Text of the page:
Boards and the Adoption of Remote Working Practices

Alan Hewitt  |  July 29, 2020

Around the world, certainly in Europe, business and social lives are starting to have a semblance of normalcy. But there is still a long way to go, and there is always the risk that we will see a second wave of COVID-19 in the fourth quarter of 2020. 

New Ways of Working Remotely

Having said that, and maybe as a result of this, companies are evolving and workers are requesting changes to their ways of working. This seems to be gaining traction. The change to remote working isn’t driven purely by companies, but rather by the people who work for them. They have discovered that they can be more productive, have more flexibility, and achieve a better work/life balance as a result.

There is also another interesting factor emerging. The end users, such as employees, are becoming more experienced with the use of technology to hold video calls, exchange ideas, and participate in discussions online. They will not want to utilise what they see as an inferior technological platform for work – compared to what they have become used to in their social lives. This is a great opportunity to capture employee insight, which can be harnessed to build remote work systems and processes that suit the majority.

Boards and Remote Technology

If we look at board meetings in particular, the need for efficient, better structured ways of working remotely is key. With advances in technology, the need for people to travel long distances to attend meetings is diminishing. However, this will only be established if the meetings that the board members attend remotely are well run, clear, and conducted efficiently. 

Do the attendees feel that they are well informed and/or are properly included in decision making? Do they feel they are able to make a full and valuable contribution to the Board? 

In addition, will the remoteness and use of technology be an inhibitor rather than an enabler? 

Like employees, board members have also gained valuable experience utilising video conferencing technology for their own social gatherings – whether this might involve catching up with friends and/or relatives or joining in group quiz sessions. They’ve learned what works and what doesn’t, and what they might expect to see from any meeting system that a company adopts moving forward. 

(It is important to note: security will be a key factor as security breaches that some video conferencing products have suffered [over the past month or two] have become public. 

We have discussed the need for highly secure board management portals in various posts in our blog – and perhaps the time is fast approaching to think about combining board portals with video conferencing technology in order to create a complete and highly secure environment.)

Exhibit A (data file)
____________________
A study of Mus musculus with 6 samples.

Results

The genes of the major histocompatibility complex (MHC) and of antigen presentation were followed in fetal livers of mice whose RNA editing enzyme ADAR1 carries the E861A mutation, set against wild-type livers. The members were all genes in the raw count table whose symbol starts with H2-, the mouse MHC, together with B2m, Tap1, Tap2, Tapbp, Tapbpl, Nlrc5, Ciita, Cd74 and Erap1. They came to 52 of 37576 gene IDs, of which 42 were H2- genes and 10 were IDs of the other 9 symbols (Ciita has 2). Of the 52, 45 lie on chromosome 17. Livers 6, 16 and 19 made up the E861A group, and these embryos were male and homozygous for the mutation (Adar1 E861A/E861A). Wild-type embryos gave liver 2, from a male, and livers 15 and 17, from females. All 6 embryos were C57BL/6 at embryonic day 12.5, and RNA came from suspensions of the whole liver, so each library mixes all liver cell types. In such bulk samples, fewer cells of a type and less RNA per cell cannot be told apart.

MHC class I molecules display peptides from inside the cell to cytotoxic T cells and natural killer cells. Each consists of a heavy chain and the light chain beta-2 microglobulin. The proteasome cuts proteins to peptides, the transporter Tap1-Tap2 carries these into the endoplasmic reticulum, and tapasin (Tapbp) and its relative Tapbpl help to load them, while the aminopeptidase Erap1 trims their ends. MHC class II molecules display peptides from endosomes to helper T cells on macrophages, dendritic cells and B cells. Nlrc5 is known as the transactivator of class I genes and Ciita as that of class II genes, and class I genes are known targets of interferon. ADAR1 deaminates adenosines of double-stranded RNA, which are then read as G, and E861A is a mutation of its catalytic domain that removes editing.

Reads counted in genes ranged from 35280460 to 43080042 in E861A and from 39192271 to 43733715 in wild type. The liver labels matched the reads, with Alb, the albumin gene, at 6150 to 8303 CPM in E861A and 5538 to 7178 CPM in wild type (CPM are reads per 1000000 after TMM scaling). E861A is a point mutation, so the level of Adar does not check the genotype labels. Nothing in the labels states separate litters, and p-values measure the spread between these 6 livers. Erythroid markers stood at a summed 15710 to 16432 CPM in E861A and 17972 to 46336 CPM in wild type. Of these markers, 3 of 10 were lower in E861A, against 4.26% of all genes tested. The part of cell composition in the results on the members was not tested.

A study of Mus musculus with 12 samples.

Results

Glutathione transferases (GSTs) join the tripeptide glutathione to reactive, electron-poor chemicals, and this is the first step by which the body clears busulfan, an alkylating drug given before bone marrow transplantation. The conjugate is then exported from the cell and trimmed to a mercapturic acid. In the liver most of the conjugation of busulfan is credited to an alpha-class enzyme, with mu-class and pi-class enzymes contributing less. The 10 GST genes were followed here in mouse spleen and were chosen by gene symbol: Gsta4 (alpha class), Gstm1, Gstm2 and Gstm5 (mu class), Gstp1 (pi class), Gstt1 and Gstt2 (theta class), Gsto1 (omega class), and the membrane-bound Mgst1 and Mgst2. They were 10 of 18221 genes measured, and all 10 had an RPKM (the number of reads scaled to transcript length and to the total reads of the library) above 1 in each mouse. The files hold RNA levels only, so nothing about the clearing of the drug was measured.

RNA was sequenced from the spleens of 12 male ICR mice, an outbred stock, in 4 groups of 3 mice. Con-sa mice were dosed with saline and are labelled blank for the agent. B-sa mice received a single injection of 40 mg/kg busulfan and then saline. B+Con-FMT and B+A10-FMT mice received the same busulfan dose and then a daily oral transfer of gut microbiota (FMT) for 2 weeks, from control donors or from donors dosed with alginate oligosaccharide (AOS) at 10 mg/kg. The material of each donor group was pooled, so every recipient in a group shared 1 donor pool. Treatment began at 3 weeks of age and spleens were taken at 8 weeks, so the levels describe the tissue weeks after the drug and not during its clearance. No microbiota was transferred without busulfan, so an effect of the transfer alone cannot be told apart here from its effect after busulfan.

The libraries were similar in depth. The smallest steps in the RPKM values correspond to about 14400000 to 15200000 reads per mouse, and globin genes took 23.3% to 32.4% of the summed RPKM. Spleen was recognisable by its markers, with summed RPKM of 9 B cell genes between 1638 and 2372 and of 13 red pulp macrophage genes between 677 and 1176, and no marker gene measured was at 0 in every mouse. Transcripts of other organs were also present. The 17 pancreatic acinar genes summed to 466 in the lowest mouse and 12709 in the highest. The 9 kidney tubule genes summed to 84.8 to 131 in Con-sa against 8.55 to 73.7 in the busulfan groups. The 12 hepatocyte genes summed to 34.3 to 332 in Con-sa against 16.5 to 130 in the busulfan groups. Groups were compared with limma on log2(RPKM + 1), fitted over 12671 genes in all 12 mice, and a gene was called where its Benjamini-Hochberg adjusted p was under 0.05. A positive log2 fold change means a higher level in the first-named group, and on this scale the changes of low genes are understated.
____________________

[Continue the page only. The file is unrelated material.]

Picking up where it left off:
Running Better and More Effective Remote Meetings

I found the following CIO.com article which sets out quite a few simple rules for running better online or remote meetings. It’s a good read.

Many of these items have been discussed in previous blog articles, but it’s useful to revisit how you conduct your meetings and gather input on what it’s like for meeting participants. 

For instance, as a personal preference, what works best is when I can see everyone at the same time. This is what one of the video conferencing companies calls “Gallery View” (I am sure that each platform has their own terminology). The meeting is not nearly as effective when I only see the person who is talking at any one time. There always seems to be a short time lag when switching screens and, should someone have a coughing fit or the like, they end up regularly appearing on screen even if they don’t intend to interrupt proceedings.

Other Recommendations

I’ve seen a couple of recommendations that propose recording video meetings for others to watch if they fail to attend a meeting. But the thought of watching two hours of a video conference meeting doesn’t come across as a great idea. 

What does make some sense is what is suggested in this Zapier article, section 3, regarding note taking.

It takes a little more discipline but if the person taking notes for the meeting (and/or generating the final minutes) notes down the approximate time when a statement was made, or an action agreed, we could have something that is useful. Being able to jump to key statements or decisions could be extremely helpful and act as a valuable audit trail.

Conclusion

Ultimately, what’s important is to ask the board members about the technology they feel comfortable using. They can tap into their own personal experience utilising other tools outside of the working environment. 

We hold board meetings to achieve invaluable information exchange and to drive effective decisions that lead to positive outcomes. Therefore, if the technology to used to enable these is more inclusive, all the better. 

What do you think?

Alan Hewitt

Alan Hewitt

Alan is a Non-executive Director at Praxonomy. Alan has worked in IT Services and Consulting for nearly 40 years including 30 years at IBM, where he was an Executive Partner in IBM’s Global Consulting Business responsible for the development of the Workforce Transformation Practice. Since leaving IBM in 2010, he has worked as an independent Business Consultant working for major companies across industries and the world. Alan is a Fellow of both the IET and BCS.